In Brief

Israeli Government Sends Letter to German Chancellor Requesting the Country Cut Funding to Jewish Museum in Berlin

Israeli Prime Minister Benjamin Netanyahu’s office sent the letter directly to German Chancellor Angela Merkel, voicing disapproval for the museum’s exhibition Welcome to Jerusalem.

Exhibition “Welcome to Jerusalem” (11 December 2017 – 30 April 2019): View of the Film-Rotunda ìConflictî © Jewish Museum Berlin, photo: Yves Sucksdorff

Earlier this year, the Israeli government sent an official letter to the office of Chancellor Angela Merkel demanding Germany cut its funding of the Jewish Museum in Berlin over an ongoing exhibition, Welcome to Jerusalem, which is said to probe Jerusalem’s “extraordinary political tensions, claimed as the capital city by both Israelis and Palestinians.”

The seven-page letter, which was published on Thursday, December 6, by the left-leaning German Die Tageszeitung newspaper (TAZ), lists 12 NGOs and culture organizations that Israel demands Germany fiscally divest from, including the Berlin International Film Festival (the Berlinale), Women Wage Peace, Action Medeor, the Catholic Relief Services, and the Israeli opinion and news website +972 Magazine, which receives funding from the Heinrich Böll Foundation (an independent political foundation associated with the German Green Party). The letter urges Germany to “review its funding guidelines” for organizations that are involved in “anti-Israeli propaganda” or endorse the BDS movement (the Palestinian Boycott, Divestment, Sanctions movement).

The letter was sent from Israeli Prime Minister Benjamin Netanyahu’s office directly to Merkel’s office and to Germany’s Federal Ministry of Economic Cooperation and Development directly, rather than sending it to the Israeli Embassy in Berlin, which would be the diplomatic norm. While it didn’t confirm sending the letter, the Prime Minister’s Office gave a response to the Israeli daily Yedioth Ahronoth on Sunday, saying, “the prime minister has pointed out to various world leaders the issue of funding Israeli and Palestinian NGOs, which portray Israeli soldiers as war criminals, support Palestinian terrorism and call for the boycott of the State of Israel. Israel will continue fighting these organizations.” A spokesperson for the German government confirmed to Haaretz newspaper that Israel and Germany had discussed the issue of state funding to aforementioned NGOs in the past.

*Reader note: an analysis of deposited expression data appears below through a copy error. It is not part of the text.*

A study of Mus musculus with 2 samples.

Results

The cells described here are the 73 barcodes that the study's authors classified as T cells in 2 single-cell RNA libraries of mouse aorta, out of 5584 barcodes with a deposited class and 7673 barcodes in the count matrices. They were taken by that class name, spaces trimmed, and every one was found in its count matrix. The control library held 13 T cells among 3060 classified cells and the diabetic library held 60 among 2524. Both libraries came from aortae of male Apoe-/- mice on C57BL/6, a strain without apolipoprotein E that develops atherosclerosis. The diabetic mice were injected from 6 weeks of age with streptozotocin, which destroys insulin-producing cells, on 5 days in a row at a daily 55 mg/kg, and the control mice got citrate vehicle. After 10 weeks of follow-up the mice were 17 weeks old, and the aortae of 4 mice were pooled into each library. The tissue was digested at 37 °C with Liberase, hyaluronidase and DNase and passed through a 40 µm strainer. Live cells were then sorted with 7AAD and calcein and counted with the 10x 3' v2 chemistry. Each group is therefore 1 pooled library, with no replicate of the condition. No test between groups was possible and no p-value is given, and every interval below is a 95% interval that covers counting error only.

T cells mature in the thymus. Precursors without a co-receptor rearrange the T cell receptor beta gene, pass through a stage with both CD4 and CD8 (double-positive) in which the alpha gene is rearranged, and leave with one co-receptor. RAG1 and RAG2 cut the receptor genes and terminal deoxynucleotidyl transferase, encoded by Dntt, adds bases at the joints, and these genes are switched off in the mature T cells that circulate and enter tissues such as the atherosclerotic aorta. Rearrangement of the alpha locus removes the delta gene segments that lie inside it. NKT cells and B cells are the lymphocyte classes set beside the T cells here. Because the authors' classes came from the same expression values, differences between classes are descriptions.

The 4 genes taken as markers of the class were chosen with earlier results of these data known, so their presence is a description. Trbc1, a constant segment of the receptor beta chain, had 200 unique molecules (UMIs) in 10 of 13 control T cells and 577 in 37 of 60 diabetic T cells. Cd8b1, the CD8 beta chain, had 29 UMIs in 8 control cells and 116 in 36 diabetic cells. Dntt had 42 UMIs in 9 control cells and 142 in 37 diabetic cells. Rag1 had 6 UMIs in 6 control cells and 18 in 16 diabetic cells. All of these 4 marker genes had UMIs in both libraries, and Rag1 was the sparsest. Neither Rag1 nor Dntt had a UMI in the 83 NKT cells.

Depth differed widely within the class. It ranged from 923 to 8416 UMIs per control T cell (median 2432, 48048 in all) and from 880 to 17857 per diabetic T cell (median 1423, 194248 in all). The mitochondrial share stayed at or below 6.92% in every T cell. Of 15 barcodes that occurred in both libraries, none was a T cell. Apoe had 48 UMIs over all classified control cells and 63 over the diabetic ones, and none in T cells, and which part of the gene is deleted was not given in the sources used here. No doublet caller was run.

Exhibition “Welcome to Jerusalem” (11 December 2017 – 30 April 2019): View of the exhibition room ìBoth Sides of the City Wallî © Jewish Museum Berlin, photo: Yves Sucksdorff

Welcome to Jerusalem at the Jewish Berlin Museum is a year-long themed exhibition exploring historical, political, and religious aspects of the city. The exhibition includes works by both Palestinian and Israeli artists, including Mona Hatoum and Yael Bartana, as well as international artists like Gustav Metzger, Fazal Sheikh, and others. The Israeli government’s letter criticizes the exhibition’s alleged “Muslim-Palestinian” slant, as well as accusing the museum of hosting “regularly occurring events and discussions with prominent supporters of the BDS movement.”

The Jewish Museum said in a statement, “We believe open dialogue on controversial issues is crucial to allow [the museum’s] visitors to form their own position on the matter and judge it for themselves.”

Netanyahu’s demands for Chancellor Merkel come at the heels of the Israeli “Loyalty in Culture” bill, proposed by Culture Minister Miri Regev and supported by Netanyahu. The vote on the bill, which allows the government to pull state funding from arts organizations highlighting Palestinian narratives, was recently postponed after one of its co-sponsors, Finance Minister Moshe Khalon, withdrew his support.